Swamp milkweed (Asclepias incarnate) is our featured plant of the month. It was brought to mind by one that bloomed in our plant collection this summer and was mislabeled as phlox. Since no one wanted to grow it for future division I put it on the embankment in the bed across from Harley-Davidson where there are several seeps. It is firmly rooted now and looks as though it is going to take hold. We will have some to pot up in a couple of years and it will be properly labeled.
We often forget our native plants in our quest for the more exotic species. Sometimes this is because the native species, while beautiful, are so well adapted to local conditions that growing them presents a problem of keeping them from taking over our gardens. In a word they become weeds! So far this hasn’t been a problem with my swamp milkweed, which has stayed in the wet area where I planted it. This plant was acquired a couple or three years ago at a native plant sale and has formed a nice clump about 2 /12 feet across. I believe that I have the cultivar “Cinderella” which is a more compact and shorter version of its wild cousin. It
bloomed and set seed both this year and last. I have no doubt that it will eventually travel to the other wet areas in the yard and I really have no problem with that happening. These areas are never going to support a more formal arrangement, weeding them is difficult, mowing is impossible and sometimes it is just better to let nature take its course with a little guidance.
Like other members of the genus Asclepias, (milkweed butterfly weed, etc.), swamp milkweed is attractive to butterflies. It is the host plant for the monarch caterpillar and is a nectar source for a host of other butterflies moths and insects. There is an entire subspecies of butterflies known as the Danainae or milkweed butterflies, of which the monarch is the best known, that live exclusively on the milkweed plants. Both the caterpillars that eat the leaves and the butterflies they become retain the bitter glycosides produced by the plant making them distasteful to natural predators. There are about 300 members of the Danainae worldwide but only four are native to North America: the monarch butterfly (Danaus plexippus); the queen (Danaus gilippus); the tropical milkweed butterfly (Lycorea cleobaea); and the soldier Butterfly; (Danaus eresimus). Except for the tropical milkweed butterfly they all lay their eggs and the larvae feed exclusively on milkweed plants. The swamp milkweed plant produces hundreds of blossoms that provide an abundant nectar source for moths and insects, as well as butterflies. This plant is a must for a butterfly garden or a pollinator garden.
Swamp milkweed thrives in heavy wet soil. It has a fleshy white root that is well adapted to soils with low oxygen content. The plant though will grow in regular garden soil. It may need watering in extremely dry weather but generally the root system will hold sufficient water to keep it viable except in the driest conditions. It grows well in low-lying areas, in ditches or around ponds or other water sources. Swamp milkweed prefers full sun to partial shade and is hardy from zone 3-9. Plants may be divided in the spring or sown from seed. Since the seed needs to be stratified the simplest means of starting it from seed is to sow the see outdoors in the fall.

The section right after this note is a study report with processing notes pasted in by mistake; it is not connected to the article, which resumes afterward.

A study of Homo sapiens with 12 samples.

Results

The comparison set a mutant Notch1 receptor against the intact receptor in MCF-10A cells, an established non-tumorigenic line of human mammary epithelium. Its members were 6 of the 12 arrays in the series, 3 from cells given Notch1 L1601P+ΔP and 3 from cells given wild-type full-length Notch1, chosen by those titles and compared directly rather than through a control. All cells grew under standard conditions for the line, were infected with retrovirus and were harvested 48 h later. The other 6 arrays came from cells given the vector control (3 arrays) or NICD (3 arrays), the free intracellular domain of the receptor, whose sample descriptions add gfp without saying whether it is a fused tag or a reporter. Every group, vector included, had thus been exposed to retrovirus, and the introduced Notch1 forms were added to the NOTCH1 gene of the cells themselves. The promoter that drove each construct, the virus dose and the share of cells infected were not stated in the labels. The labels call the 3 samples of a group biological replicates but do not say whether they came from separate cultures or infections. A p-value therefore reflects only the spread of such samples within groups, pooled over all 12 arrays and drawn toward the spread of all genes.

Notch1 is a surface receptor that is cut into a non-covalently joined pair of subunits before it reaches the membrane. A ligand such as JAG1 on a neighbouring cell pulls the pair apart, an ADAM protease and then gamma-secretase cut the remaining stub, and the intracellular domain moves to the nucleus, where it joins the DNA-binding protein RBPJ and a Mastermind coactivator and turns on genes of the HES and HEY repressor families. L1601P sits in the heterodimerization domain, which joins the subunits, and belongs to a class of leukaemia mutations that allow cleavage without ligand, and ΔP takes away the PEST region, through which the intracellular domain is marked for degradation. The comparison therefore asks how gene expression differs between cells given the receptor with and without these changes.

The swamp milkweed plant is tall and can reach a height of 5 feet under ideal conditions. It is best used as a specimen plant. As it does grow from rhizomes it will produce a nice clump but will not grow out of control. It is a great plant for naturalizing in wet areas that are difficult to take care of.
The plant blooms mid to late summer. The individual flowers are five petaled with a raised center and are borne in umbels (short stalked flowers radiating from a central point). The raised center or corona in the swamp milkweed is pale pink. It is the pollen bearing structure. The fused pistils and filaments are white and the petals are a darker pink or rose color. There is also an all white cultivar “Ice Ballet”. The umbels are borne at the ends of the branches. The flowers are followed by slender brown seed pods, which contain the typical milkweed seeds with fluffy parachutes for maximum dispersal. The leaves are opposite and slender.
The milkweed derives its name from the white sap that the plant exudes when it is injured. This sap is poisonous containing a cardiac glycoside that can interfere with working of the heart if ingested in large enough quantities. The sap is also very bitter, which keeps most animals and insects from eating the plant with the exception of the specially adapted caterpillars. Despite the poisonous nature of the sap the root of the plant has been used extensively as a medicine. The name of the genus Asclepias comes from Asklepios, the Greek god of healing and medicine and its common name, pleurisy root, comes from its use as a remedy for diseases of the lungs. Although various parts of the plant have been used in the past as herbal remedies for a variety of maladies, the varying toxicity of the different species makes it advisable to check with an expert before endeavoring to use it medicinally.
Incredibly, with the plants reputation for being poisonous and foul tasting, native people have used it as a food source. The unopened flower buds are cooked or dried and stored. The taste is said to resemble peas. The tips of young shoots are cooked and said to be similar to asparagus, while the older shoots are more akin to spinach. The young seed pods can be cooked like snap peas and the flowers can be cooked down into sweet syrup that was a source of sugar for native tribes. Apparently, heating the toxins render them harmless. The University of New Mexico suggests that, “The sap contains poisonous cardiac glycosides. These toxins are destroyed by heat, so milkweeds should always be cooked before they are eaten.”